Henry VIII: The Mask of Royalty

By Lacey Baldwin Smith | Go to book overview
Save to active project

"The Conscience of a King"

MORE. In matter of conscience, the loyal subject is more bounden to be loyal to his conscience than to any other thing.

CROMWELL. And so provide a noble motive for his frivolous self-conceit!

MORE. It is not so, Master Cromwell--very and pure necessity for respect of my own soul.

CROMWELL. Your own self you mean!

MORE. Yes, a man's soul is his self!

Robert Bolt, A Man for All Seasons, Act II

HENRY'S RELIGIOUS PROGRESS, the erratic route he followed between a malleable and ancient Catholicism untempered by the hot blast of the Council of Trent and a new and shapeless Protestantism still lacking the cold logic of John Calvin, leads through a theological bog into which even the expert may sink without trace. The sign posts are few and often untrustworthy. The old faith was a venerable and complex corpus of belief which had endured for fifteen hundred years because it was a spiritual synergism: a union of patristic commentaries, scholarly glosses, papal decretals and time-honored custom conjoined with the revelation of Scripture, all of which added up to, something more than the sum of its parts. The totality was a monumental authority, but the components were rarely clear and occasionally downright contradictory. It took Sir Thomas More seven years to convince himself that the secular supremacy of the Roman pontiff did in fact stem from divine prescription. 1 Time out of mind, the sacrament of the mass had been both a resacrifice of Christ's body on the cross and a commemoration of that historic event, but whether it was more one than the other remained in doubt, and ceremonial usage was not precise. The seven sacraments had been sanctified by the centuries, but history still resounded with the


Notes for this page

Add a new note
If you are trying to select text to create highlights or citations, remember that you must now click or tap on the first word, and then click or tap on the last word.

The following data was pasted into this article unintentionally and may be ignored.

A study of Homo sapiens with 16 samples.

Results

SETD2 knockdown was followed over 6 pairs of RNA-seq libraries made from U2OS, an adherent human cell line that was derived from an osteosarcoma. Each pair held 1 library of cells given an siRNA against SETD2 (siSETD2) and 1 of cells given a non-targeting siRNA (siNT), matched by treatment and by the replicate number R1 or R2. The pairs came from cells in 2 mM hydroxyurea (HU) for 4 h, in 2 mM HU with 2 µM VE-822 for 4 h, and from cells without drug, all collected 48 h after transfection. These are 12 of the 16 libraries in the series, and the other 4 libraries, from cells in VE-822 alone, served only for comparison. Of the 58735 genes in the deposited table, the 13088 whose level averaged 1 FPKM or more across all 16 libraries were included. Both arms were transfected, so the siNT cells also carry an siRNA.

Loading One moment ...
Project items
Cite this page

Cited page

Citations are available only to our active members.
Sign up now to cite pages or passages in MLA, APA and Chicago citation styles.

Cited page

Bookmark this page
Henry VIII: The Mask of Royalty


Text size Smaller Larger
Search within

Search within this book

Look up

Look up a word

  • Dictionary
  • Thesaurus
Please submit a word or phrase above.
Print this page

Print this page

Why can't I print more than one page at a time?

While we understand printed pages are helpful to our users, this limitation is necessary to help protect our publishers' copyrighted material and prevent its unlawful distribution. We are sorry for any inconvenience.
Full screen
/ 339

matching results for page

Cited passage

Citations are available only to our active members.
Sign up now to cite pages or passages in MLA, APA and Chicago citation styles.

Cited passage

Welcome to the new Questia Reader

The Questia Reader has been updated to provide you with an even better online reading experience.  It is now 100% Responsive, which means you can read our books and articles on any sized device you wish.  All of your favorite tools like notes, highlights, and citations are still here, but the way you select text has been updated to be easier to use, especially on touchscreen devices.  Here's how:

1. Click or tap the first word you want to select.
2. Click or tap the last word you want to select.

OK, got it!

Thanks for trying Questia!

Please continue trying out our research tools, but please note, full functionality is available only to our active members.

Your work will be lost once you leave this Web page.

For full access in an ad-free environment, sign up now for a FREE, 1-day trial.

Already a member? Log in now.

Are you sure you want to delete this highlight?